PHOENIX—Two recent deaths in which men plummeted in the Grand Canyon follow dozens of apparently accidental fatal falls since the national park was established 100 years ago.
Michael Obritsch, of Santa Rosa, California, died April 3 after falling from the edge of the South Rim in Grand Canyon Village, near the Yavapai Geology Museum.
His body was found 400 feet below the rim, according to park officials.
A tourist from Macau, China, fell to his death on March 28. The man was at least 50 years old, park officials said.
The man was trying to take a photo at Grand Canyon West’s Eagle Point—close to the Skywalk located on the Hualapai Reservation outside the park—when he stumbled and fell, The Arizona Republic reported earlier this week.
Skywalk provides you with a view of the Grand Canyon you can't get anywhere else. It's an amazing experience to stand on…
The body of a Japanese tourist was found March 26 in a wooded area south of Grand Canyon Village, away from the rim.
All three deaths still were under investigation by the Investigative Services branch of the National Parks Service and the Coconino County Medical Examiner, according to park spokeswoman Vanessa Ceja-Cervantes.
No amount of signage, railings or even verbal warnings will be enough to end the falls, said Michael P. Ghiglieri, author of “Over the Edge: Death in the Grand Canyon.”
Sixty-four fatal falls have been recorded in the park’s history, Ghiglieri said. Forty-nine of the victims were male and 15 female. Many deaths involve someone going around a guardrail to get closer to the edge or accidentally driving off the rim.
This number does not include any death that was ruled a suicide.
Park officials currently don’t plan to add increased railing or signage in light of the string of deaths, Ceja-Cervantes said. Ample signage is already commonplace in highly traveled areas of the canyon.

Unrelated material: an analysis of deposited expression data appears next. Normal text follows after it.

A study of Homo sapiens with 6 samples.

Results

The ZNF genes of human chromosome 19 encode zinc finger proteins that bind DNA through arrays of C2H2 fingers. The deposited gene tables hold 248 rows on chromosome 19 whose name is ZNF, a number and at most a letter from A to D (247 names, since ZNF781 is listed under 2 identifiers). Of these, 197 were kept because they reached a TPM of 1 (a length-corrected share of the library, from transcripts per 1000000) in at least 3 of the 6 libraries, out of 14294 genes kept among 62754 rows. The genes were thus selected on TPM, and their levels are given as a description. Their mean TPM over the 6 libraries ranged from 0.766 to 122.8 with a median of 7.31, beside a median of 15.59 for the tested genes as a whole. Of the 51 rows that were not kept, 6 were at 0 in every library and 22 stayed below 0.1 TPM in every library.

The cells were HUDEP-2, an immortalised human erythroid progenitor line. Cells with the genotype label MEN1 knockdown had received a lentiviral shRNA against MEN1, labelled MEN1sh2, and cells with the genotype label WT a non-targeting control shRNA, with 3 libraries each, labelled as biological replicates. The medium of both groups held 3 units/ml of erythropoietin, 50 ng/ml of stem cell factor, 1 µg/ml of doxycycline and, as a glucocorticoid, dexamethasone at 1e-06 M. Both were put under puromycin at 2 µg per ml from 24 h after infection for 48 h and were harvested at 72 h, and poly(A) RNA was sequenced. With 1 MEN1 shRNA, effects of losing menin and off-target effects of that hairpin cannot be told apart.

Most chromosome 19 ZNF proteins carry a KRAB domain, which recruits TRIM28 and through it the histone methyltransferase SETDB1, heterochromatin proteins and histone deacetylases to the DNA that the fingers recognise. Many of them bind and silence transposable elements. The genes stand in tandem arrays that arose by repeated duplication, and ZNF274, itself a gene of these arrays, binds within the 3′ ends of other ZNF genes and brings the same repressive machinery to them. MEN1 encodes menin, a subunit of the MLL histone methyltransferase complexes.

Only one person fell to his death in the park in 2018. Andrey Privin of Illinois died in July after he climbed over the railing at Mather Point, a popular viewpoint at the South Rim. Some visitors said they saw Privin throw his backpack over the railing and onto an intended landing spot before jumping. He fell 500 feet to his death.
About 12 people die each year within the park, Ceja-Cervantes said. The deaths can be attributed to everything from accidental falls, to heat-related deaths and drownings during rafting trips on the Colorado River.
Falls at Grand Canyon
Authors Tom Myers and Michael Ghiglieri said that as of 2012, about 685 people had died from falling into the Grand Canyon.
Ghiglieri noted that the 1980s actually saw more deaths than recent years but there has been a shift in what kills people.
“Over the last decade, proportionally more people have been dying from environmental problems—mainly heat—while hiking,” he told the Arizona Daily Sun.
“This is despite everything the park has tried to do via educational signs and via preventative search and rescue work, both of which are pretty good. There were also proportionally more people dying from falls within the canyon (as opposed to from the rims).”
Of the people that fall over the edge, most are young males, he said.
About 12 deaths happen each year at the Grand Canyon, park spokeswoman Kirby-Lynn Shedlowski reported on the Grand Canyon blog earlier this year. On average, two or three of the deaths are from falls over the rim.
Other causes of death include natural causes, medical problems, suicides, heat, drowning, and traffic crashes.
The blog recommends people stick to paved paths on the rim, watch children closely both at the rim and on trails, and be aware of the possibility of falling at all times.
The official Grand Canyon website states on viewing the canyon safely: “Stay at least six feet from the edge. Hold on to Children. Do not lean over or go past walkways and railings. Always be aware of your surroundings. Do not back up without first looking where you are going.”
NTD News reporter Zachary Stieber contributed to this report.